I woke up screaming at the top of my lungs, my hot skin clinging to the sheets which were dampened by my sweat. Thankfully, the size of my house wouldn’t allow my mother to hear. I was starting to believe that these two stories between us were part of her intentions to never hear my cries in the night. Not that she did not care for me, but I knew this unintentional habit was just as taxing on her as it was on me.
It always took me a moment to come to, and I was always already screaming by the time my brain finally kissed reality. Forcing myself to stop, to command my lips shut was the hardest, and most terrifying part.
As I clapped both open hands over my mouth, I squeezed my eyes shut so tightly that I could see the constellations. My whole body trembled beneath my displaced skull and I exhaled through gaping nostrils, my wailing tappering off until the only sound I could hear was the blood in my ears and my heart which ceased to end its own panic.
Then my eyes flew open and I faced a vacant, yet desultory room, boxes filled with my possessions thrown and stacked haphazardly around the otherwise vapid space. I tried to read the writing in Sharpie on some of the boxes, but the room was far to dark, and my mind was still in such disarray.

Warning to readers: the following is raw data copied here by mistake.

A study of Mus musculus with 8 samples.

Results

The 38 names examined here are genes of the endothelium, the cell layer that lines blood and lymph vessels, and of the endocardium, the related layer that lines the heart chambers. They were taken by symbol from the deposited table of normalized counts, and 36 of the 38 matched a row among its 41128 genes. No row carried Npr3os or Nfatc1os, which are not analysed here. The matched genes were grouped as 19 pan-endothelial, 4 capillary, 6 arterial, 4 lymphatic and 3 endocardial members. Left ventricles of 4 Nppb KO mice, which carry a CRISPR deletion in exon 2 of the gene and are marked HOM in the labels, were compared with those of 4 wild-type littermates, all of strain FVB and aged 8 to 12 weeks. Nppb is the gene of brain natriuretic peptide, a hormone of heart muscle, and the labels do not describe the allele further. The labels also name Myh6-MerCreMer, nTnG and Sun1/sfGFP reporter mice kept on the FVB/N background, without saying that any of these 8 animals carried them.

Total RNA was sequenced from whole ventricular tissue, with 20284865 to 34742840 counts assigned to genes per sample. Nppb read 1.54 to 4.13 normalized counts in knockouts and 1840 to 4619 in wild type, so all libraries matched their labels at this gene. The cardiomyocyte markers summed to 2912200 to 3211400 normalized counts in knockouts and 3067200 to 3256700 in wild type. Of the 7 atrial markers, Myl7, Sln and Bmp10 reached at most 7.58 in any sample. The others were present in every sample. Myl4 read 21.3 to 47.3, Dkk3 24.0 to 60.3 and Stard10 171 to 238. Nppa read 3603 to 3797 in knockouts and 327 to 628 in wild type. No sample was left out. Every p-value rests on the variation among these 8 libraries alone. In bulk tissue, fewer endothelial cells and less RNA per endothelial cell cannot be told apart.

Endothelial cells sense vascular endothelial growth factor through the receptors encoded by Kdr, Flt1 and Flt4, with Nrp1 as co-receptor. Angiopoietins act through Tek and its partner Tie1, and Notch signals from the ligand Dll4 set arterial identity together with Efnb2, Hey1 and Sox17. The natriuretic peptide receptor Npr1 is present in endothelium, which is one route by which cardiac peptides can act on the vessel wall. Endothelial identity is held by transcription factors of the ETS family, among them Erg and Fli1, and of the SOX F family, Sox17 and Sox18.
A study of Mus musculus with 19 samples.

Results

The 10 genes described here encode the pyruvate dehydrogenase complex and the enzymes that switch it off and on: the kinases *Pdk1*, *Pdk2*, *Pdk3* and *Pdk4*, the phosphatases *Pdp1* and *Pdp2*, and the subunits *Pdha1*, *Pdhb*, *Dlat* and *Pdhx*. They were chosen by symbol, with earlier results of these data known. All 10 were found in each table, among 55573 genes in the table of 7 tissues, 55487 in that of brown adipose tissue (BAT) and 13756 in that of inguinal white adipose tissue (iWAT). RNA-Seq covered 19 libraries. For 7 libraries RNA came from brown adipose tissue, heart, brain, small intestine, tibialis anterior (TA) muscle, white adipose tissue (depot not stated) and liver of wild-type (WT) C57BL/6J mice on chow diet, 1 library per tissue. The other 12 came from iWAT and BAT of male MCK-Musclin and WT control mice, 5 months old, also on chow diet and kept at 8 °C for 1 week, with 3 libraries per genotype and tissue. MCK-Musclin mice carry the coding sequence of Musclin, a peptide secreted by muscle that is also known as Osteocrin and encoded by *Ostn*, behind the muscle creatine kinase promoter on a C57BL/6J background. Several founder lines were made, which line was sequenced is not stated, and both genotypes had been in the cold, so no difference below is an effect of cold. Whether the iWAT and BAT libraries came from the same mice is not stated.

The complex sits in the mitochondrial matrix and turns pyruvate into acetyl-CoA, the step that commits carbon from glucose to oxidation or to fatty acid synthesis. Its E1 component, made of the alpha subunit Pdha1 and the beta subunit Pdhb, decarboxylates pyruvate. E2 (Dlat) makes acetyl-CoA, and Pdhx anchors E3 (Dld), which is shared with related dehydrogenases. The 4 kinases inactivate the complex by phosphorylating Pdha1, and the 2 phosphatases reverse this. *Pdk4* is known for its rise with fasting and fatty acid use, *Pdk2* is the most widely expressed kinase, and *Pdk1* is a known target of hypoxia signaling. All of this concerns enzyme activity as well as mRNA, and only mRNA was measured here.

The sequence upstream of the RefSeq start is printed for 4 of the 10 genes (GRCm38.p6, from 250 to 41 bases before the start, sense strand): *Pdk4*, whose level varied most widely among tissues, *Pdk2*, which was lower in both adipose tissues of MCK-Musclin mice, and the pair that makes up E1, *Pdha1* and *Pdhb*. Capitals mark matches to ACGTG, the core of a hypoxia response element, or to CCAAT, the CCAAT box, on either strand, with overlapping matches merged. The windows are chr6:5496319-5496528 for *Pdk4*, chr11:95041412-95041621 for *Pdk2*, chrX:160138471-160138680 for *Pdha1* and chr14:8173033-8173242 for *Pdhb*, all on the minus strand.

With all the willpower I could gather at such time of the night, I ushered my hands away with my mind and broke the silence with the only way I could find to ease my dismay. And I began to sing.
Agus a leanbh,
Cad a Dheanfaidh me,
Ta tu ar shiul uaim,
Agus anuiridh, nil duin ar bith agam,
Agus me lion fein,
Da mbeithea go moch agam,
Agus och, och, airiu, gan thu, gan thu.”
My mouth was dry, and my muscles grew tired simply from holding my body upright. I dug my fingers into my tangled hair and tugged at my scalp. As quickly as the terror had brought me up from my sleep, my eyes rolled back as if entranced, and my slender frame fell. I was unconscious before I hit the mattress.